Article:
Etymology

found (v.2)
"to cast metal," late 14c., originally "to mix, mingle," from Old French fondre "pour out, melt, smelt" (12c.), from Latin fundere (past participle fusus) "to melt, cast, pour out," from nasalized form of PIE root *gheu- "to pour." Meaning "to cast metal" is from 1560s. Related: Founded; founding.
supreme god of the ancient Greeks and master of the others, 1706, from Greek, from PIE *dewos- "god" (source also of Latin deus "god," Old Persian daiva- "demon, evil god," Old Church Slavonic deivai, Sanskrit deva-), from root *dyeu- "to shine," in derivatives "sky, heaven, god." The god-sense is originally "shining," but "whether as originally sun-god or as lightener" is not now clear.
good (adj.)
Origin and meaning of good

Old English gōd (with a long "o") "excellent, fine; valuable; desirable, favorable, beneficial; full, entire, complete;" of abstractions, actions, etc., "beneficial, effective; righteous, pious;" of persons or souls, "righteous, pious, virtuous;" probably originally "having the right or desirable quality," from Proto-Germanic *gōda- "fitting, suitable" (source also of Old Frisian god, Old Saxon gōd, Old Norse goðr, Middle Dutch goed, Dutch goed, Old High German guot, German gut, Gothic goþs). A word of uncertain etymology, perhaps originally "fit, adequate, belonging together," from PIE root *ghedh- "to unite, be associated, suitable" (source also of Sanskrit gadh- "seize (booty)," Old Church Slavonic godu "favorable time," Russian godnyi "fit, suitable," Lithuanian goda "honor," Old English gædrian "to gather, to take up together").

Irregular comparative and superlative (better, best) reflect a widespread pattern in words for "good," as in Latin bonus, melior, optimus.

Sense of "kind, benevolent" is from late Old English in reference to persons or God, from mid-14c. of actions. Middle English sense of "holy" is preserved in Good Friday. That of "friendly, gracious" is from c. 1200. Meaning "fortunate, prosperous, favorable" was in late Old English. As an expression of satisfaction, from early 15c. Of persons, "skilled (at a profession or occupation), expert," in late Old English, now typically with at; in Middle English with of or to. Of children, "well-behaved," by 1690s. Of money, "not debased, standard as to value," from late 14c. From c. 1200 of numbers or quantities, "large, great," of time or distance, "long;" good while "a considerable time" is from c. 1300; good way "a great distance" is mid-15c.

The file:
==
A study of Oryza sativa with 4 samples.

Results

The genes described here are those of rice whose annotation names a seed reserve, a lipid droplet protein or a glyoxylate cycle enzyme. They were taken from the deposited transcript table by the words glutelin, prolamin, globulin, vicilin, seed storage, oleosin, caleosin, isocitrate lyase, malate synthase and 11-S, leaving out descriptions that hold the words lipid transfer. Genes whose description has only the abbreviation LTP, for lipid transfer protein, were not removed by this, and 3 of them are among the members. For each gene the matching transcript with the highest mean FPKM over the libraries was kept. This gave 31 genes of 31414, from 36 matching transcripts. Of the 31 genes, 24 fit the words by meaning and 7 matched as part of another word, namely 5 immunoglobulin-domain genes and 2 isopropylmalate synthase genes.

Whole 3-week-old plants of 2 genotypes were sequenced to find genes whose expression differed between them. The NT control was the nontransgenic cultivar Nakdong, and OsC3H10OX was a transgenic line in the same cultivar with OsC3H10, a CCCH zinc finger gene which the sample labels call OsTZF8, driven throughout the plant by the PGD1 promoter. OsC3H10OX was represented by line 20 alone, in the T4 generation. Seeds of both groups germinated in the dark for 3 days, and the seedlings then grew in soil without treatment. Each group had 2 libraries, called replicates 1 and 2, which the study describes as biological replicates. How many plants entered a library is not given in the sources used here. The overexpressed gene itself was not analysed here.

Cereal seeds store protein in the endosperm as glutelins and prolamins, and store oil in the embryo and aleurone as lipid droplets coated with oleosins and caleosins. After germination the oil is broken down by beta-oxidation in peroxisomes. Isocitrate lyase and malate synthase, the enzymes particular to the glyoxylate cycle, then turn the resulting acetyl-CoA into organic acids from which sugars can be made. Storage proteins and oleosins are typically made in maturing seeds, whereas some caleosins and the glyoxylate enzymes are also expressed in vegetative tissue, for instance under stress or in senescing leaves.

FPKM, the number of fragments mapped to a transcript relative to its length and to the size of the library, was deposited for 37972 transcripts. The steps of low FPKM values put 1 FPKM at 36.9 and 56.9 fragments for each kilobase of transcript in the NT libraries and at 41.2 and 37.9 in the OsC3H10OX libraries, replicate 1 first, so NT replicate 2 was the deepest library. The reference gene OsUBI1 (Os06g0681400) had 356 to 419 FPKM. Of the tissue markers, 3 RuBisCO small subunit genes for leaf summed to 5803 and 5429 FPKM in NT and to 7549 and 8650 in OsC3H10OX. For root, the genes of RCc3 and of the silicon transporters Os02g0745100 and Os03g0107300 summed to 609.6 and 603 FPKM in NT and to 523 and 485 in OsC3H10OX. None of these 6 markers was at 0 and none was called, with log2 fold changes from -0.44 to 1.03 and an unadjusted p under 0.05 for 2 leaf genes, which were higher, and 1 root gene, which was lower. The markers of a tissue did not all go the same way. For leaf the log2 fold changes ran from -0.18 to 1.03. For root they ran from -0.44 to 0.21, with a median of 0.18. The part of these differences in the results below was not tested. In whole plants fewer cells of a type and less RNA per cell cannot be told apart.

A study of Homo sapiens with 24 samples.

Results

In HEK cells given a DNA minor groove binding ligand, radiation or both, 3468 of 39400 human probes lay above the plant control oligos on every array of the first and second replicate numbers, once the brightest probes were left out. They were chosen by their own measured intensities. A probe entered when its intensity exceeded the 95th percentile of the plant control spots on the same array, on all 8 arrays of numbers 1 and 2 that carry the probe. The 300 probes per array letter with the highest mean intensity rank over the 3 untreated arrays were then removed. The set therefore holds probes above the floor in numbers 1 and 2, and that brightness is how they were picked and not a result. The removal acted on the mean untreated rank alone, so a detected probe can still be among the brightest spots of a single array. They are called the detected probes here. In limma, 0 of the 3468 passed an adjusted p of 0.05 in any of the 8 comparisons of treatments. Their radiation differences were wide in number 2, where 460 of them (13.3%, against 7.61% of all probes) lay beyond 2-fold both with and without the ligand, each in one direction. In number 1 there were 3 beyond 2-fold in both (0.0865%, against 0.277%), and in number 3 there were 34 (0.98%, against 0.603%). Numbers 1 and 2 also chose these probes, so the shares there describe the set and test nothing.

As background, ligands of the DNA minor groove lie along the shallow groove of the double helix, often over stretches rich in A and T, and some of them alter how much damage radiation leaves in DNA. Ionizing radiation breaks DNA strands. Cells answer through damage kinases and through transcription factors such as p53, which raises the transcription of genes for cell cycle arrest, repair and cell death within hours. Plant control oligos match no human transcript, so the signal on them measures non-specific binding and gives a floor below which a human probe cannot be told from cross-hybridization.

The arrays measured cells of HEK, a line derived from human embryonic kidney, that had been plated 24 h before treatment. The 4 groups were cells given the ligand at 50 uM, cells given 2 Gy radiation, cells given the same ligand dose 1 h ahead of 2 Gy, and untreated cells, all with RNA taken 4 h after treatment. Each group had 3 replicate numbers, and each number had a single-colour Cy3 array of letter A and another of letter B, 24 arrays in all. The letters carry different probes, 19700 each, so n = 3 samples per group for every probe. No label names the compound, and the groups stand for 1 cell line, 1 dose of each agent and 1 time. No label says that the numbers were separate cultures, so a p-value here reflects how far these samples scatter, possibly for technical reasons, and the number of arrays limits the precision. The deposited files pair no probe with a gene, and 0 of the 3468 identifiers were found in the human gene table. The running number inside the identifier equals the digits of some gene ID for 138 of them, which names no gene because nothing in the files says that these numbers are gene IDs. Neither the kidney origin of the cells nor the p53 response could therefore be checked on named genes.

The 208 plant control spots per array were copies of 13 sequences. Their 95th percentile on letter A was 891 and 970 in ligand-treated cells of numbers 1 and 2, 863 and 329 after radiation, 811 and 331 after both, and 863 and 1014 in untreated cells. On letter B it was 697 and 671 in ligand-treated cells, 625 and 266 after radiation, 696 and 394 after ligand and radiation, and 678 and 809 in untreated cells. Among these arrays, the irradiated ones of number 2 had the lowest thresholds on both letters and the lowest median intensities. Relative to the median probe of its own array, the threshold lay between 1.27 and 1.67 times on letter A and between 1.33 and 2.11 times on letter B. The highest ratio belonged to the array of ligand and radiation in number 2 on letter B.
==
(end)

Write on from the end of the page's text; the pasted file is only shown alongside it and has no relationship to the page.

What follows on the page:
Why then, can one desire too much of a good thing. ["As You Like It"]

As good as "practically, virtually" is from mid-14c.; to be good for "beneficial to" is from late 14c. To make good "repay (costs, expenses), atone for (a sin or an offense)" is from late 14c. To have a good mind "have an earnest desire" (to do something) is from c. 1500. Good deed, good works were in Old English as "an act of piety;" good deed specifically as "act of service to others" was reinforced early 20c. by Boy Scouting. Good turn is from c. 1400. Good sport, of persons, is from 1906. The good book "the Bible" attested from 1801, originally in missionary literature describing the language of conversion efforts in American Indian tribes. Good to go is attested from 1989.

demigod (n.)

"inferior or minor deity, a being partly of divine nature," 1520s, from demi- + god, rendering Latin semideus. It can mean the offspring of a deity and a mortal, a man raised to divine rank, or a minor god. Related: Demigoddess.

giddy (adj.)
Old English gidig, variant of gydig "insane, mad, stupid," perhaps literally "possessed (by a spirit)," if it is from Proto-Germanic *gud-iga- "possessed by a god," from *gudam "god" (see god (n.)) + *-ig "possessed." Meaning "having a confused, swimming sensation" is from 1560s (compare sense evolution of dizzy). Meaning "elated" is from 1540s. Related: Giddily; giddiness.
god-awful (adj.)
also godawful, according to OED from 1878 as "impressive," 1897 as "impressively terrible," but it seems not to have been much in print before c. 1924, from God + awful. The God might be an intensifier or the whole might be from the frequent God's awful (vengeance, judgment, etc.), a common phrase in religious literature.
godchild (n.)
"child one sponsors at baptism," c. 1200, "in ref. to the spiritual relation assumed to exist between them" [Century Dictionary], from God + child. The Old English word was godbearn
god-damn 

also goddamn, late 14c., "the characteristic national oath of Englishmen" [Century Dictionary]. from God + damn (v.). Goddam (Old French godon, 14c.) was said to have been a term of reproach applied to the English by the French.

Mais, fussent-ils [les anglais] cent mille Goddem de plus qu'a present, ils n'auront pas ce royaume. [Joan of Arc, 1431, quoted in Prosper de Barante's "Histoire des ducs de Bourgogne"]

Hence French godan "fraud, deception, humbug" (17c.). Compare Old French godeherre "characteristic exclamation uttered by the Germans," and goditoet, also considered a characteristic exclamation of the English. Goddammes was the nickname given by Puritans to Cavaliers, in consequence of the latter's supposed frequent employment of that oath.

god-daughter (n.)
"female godchild, girl one sponsors at her baptism," mid-13c., from god + daughter, modifying or replacing Old English goddohtor.
goddess (n.)
mid-14c., female deity in a polytheistic religion, from god + fem. suffix -esse (see -ess). The Old English word was gyden, corresponding to Dutch godin, German Göttin, Danish gudine, Swedish gudinna. Of mortal women by 1570s. Related: Goddesshood.